Mother! (Film)

Review of: Mother! (Film)

Reviewed by:
Rating:
3
On September 15, 2017
Last modified:September 16, 2017

Summary:

Psychological thrillers are writer-director Darren Aronofsky’s cinematic fare but Mother! takes the genre to the next level. Although his 2010 movie Black Swan was hailed as the Mother of all psychological thrillers, you’ll soon discover Mother! is the Mother of the genre. Javier Bardem stars as an unnamed celebrated contemporary poet who lives with his young wife (Jennifer Lawrence) in anything but domestic bliss. At least she can’t accuse him of being out all hours and living up his celebrity status on the town, instead he invites all his freaky fans home until it resembles a cross between an acid house rave, a religious cult, a Latin American protest march and a military assault.

Amongst the dodgy sets of fans is a family who put the capital D into dysfunctional. Ed Harris and Michelle Pfeiffer are Ma and Pa, with grown-up middle class sons in tow who fight at the drop of a hat. The violence is laid on thick and the macabre atmosphere brings to mind the unsettling affects of a bad drugs trip. The poet’s wife (she too has no name) is constantly reaching for a glass of a powdered substance which may well be medicinal but for all the Boschesque nightmares that occur may as well be peyote. Medicinal or not, there’s an overdose somewhere if innocuous looking drops of blood can spread through the floorboards like acid until they crumble at the touch like soggy wafers. In a horror maybe, but this is just a drama about dysfunctional fans and families right? Not exactly.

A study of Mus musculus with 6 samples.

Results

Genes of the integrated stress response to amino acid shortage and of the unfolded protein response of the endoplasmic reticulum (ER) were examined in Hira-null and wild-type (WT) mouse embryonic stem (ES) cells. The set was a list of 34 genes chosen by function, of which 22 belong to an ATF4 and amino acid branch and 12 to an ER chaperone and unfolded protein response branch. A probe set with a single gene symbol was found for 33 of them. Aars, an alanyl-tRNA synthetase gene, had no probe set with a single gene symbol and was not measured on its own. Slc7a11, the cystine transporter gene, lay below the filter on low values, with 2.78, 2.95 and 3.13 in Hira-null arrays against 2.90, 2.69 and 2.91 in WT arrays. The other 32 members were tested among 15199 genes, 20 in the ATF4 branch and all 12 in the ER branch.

The unusually loud and disturbing film score screeches at your nervous system every time she reaches for a fizzy glass of her dodgy medicinal tipple until you feel like a glass of Alka Seltzer yourself. It’s deliberate. You’re on edge and become part of her nightmare as these hoards of uninvited guests turn up en masse and wreck the place. In the early scenes you sense this very guarded poet will be the first to lose his rag. He comes across as the archetypal poet: the sensitive type who will turn psycho if you ruin his creative moment mid-verse.

However, as you become more aware of his willingness to accommodate this chaos in the sanctity of his home you realize this is all a metaphor for celebrity. When this over-the-top religious adoration erupts into something twisted and cruel he doesn’t seem too concerned as long as he is the messiah-figure in the eye of this bedeviled storm and can delve into it to source a disturbing vein of creative inspiration. He has writer’s block, you see. He’s also impotent and wants a child. The parallels are obvious.

The nightmare of domestic intrusion shows no sign of abating even when the poet’s wife announces she’s pregnant and needs some peace of mind. It actually gets worse. There’s a tense finale where on the verge of suicide she threatens to ignite a keg of substance which looks a lot like marmite and nothing like petrol and just like marmite you’ll either love or hate this head-trip of a movie, laden as it is with deep and twisted metaphors.


Eddie Saint-Jean is an arts reviewer with a background in art theory, film and theatre.